Creating the illusion of depth on a flat surface can be challenging for beginners at first, Especially in greens. But with some simple tips and regular practice, it does get easier in just a few weeks!
In the photographs I’ve taken, they show various aspects of depth in greens. Have a look at each, try to find and see the gradations of light to dark within the green areas. Look at the sharp or soft edged transitions; look at how subtle the transitions might be.
Colours I would typically rely on to create my greens: winsor lemon, quinacridone rose, cobalt genuine, cerulean, prussian, ultramarine, indanthrone and burnt sienna. I would not need All of these in each painting. (3 blues, yellow, burnt sienna – are enough) In 10 Tips for greens you will find a number of relevant and easy guidelines to help.
For NT oasis greens, if painting in acrylics, I’d think strongly about using glazes to build the depth and luminosity. I may even decide to add a bit of satin medium to my paints as well for the transparency and richness. For the rockery, I might use the moulding paste, as described in watercolour with a twist– but using acrylic paint for glazing.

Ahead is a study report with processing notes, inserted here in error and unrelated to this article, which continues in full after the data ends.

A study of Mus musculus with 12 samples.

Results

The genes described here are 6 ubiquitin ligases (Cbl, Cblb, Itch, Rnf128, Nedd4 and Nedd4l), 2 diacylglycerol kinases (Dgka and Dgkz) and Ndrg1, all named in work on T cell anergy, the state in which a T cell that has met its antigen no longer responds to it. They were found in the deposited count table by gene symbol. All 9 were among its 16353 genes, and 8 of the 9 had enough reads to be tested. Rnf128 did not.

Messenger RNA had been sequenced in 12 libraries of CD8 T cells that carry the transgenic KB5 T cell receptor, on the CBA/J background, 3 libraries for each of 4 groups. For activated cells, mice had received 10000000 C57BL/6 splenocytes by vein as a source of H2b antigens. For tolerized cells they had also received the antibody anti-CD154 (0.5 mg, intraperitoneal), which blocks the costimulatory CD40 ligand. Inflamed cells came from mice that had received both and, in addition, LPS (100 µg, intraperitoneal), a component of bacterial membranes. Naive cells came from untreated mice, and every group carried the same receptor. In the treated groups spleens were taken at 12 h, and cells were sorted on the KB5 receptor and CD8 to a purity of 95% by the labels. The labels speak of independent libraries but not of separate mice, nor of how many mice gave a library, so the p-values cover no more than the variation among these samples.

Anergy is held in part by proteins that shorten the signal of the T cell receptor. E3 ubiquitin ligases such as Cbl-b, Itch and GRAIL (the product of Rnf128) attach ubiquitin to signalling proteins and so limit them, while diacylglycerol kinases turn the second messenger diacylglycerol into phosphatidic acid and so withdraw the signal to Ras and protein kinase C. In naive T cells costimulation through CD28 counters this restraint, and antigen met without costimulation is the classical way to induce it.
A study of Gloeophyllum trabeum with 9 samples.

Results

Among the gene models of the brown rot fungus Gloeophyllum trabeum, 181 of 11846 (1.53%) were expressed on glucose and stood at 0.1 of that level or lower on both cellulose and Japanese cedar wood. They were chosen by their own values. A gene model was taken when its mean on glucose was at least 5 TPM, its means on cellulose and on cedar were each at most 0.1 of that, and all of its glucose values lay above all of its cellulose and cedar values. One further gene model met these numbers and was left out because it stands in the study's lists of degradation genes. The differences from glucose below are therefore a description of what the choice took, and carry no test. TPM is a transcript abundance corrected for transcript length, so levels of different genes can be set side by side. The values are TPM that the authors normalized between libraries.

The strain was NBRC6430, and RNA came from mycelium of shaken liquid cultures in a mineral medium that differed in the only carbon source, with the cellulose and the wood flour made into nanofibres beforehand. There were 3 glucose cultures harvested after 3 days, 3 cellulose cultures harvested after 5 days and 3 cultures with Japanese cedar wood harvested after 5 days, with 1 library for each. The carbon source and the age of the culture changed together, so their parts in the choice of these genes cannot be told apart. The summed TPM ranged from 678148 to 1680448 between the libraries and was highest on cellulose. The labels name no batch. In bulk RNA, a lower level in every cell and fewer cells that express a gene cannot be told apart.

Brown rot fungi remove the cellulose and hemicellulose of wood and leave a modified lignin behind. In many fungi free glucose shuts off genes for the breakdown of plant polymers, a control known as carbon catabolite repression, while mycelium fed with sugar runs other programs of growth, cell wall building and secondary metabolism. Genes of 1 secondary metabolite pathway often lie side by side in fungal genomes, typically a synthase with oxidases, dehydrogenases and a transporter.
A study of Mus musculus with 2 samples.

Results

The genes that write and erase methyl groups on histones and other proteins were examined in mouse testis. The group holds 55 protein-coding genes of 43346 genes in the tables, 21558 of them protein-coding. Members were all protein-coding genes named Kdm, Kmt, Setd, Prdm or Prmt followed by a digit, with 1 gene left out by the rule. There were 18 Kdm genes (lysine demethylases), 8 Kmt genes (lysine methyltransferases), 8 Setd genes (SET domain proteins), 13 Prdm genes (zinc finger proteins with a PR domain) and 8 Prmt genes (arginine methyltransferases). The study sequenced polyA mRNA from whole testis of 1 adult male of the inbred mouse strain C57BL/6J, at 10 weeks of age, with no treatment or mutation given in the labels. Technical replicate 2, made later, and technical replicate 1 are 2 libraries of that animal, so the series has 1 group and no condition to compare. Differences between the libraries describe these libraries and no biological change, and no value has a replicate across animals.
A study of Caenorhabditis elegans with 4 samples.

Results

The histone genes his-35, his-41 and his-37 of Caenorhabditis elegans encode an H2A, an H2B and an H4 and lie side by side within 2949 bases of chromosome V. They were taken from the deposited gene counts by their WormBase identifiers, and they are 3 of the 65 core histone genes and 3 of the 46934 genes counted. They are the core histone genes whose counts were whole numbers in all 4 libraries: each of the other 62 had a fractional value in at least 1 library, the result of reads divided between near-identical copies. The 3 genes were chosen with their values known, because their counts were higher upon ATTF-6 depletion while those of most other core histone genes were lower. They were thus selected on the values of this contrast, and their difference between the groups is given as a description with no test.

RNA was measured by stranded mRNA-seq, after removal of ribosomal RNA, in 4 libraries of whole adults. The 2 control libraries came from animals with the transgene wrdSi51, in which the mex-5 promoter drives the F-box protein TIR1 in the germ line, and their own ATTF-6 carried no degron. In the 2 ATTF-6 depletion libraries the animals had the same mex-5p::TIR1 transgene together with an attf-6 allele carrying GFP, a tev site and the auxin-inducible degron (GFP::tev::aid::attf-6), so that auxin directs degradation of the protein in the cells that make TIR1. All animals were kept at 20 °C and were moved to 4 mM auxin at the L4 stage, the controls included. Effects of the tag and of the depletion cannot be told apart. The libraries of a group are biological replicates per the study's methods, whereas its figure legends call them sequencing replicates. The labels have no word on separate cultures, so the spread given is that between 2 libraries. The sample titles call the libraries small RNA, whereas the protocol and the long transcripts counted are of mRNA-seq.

Though in the photo image the shaded dark greens may appear black; they are not. I must remember to go by my memory, not “the photo”. The shaded dark green was deep jade at its darkest, but not black. Black will kill the painting by dulling it down, losing its vibrancy and luminosity and richness. Use the darkest version of the colour in shade…… Not black.
In the flower photo, for the background I would more definitely choose a wet into wet technique to create those lovely soft, blurred edges.
Depth can be achieved through sufficiency in: tonal value range, colour temperature gradations and by using contrast wisely. i.e. areas of the most texture, the most detail, the sharpest edges …. need to be placed at or very near The Focal Point. Not “willy nilly” background, middle ground, foreground just because we think we ‘see’ details in those areas too!
While at the zoo, the whiteness of feather floating in a bed of emerald green with that sunflower yellow leaf drifting out of sight, caught my eye. In this case, I liked the flatness of surface. It was deliberately chosen as an integral part of the design, the composition. It actually helps to provide the sense of the feather floating on top.
Again the photo creates an appearance of the darkest green being black. I will not paint it black! But I will create the deepest darkest green possible and use that for the shaded dark green.
This image has a hint of things underneath while many objects carefree… just drift. When I paint this, I’ll choose to create layers of glazes, in order to achieve that sensation. I won’t use a projector, nor a grid, nor be overly concerned to get objects in the same location as in the photo.
In fact – many of those objects would be moved! Focal point off centre and the yellow leaf not at the perimeter.
Side Note: With These 3 specific images (NT, wet in wet flower, drifting in greens) I’d be interested in hearing or seeing on your blogs or in my comments section the artworks that you created using these 3 images as “springboards into your imagination.”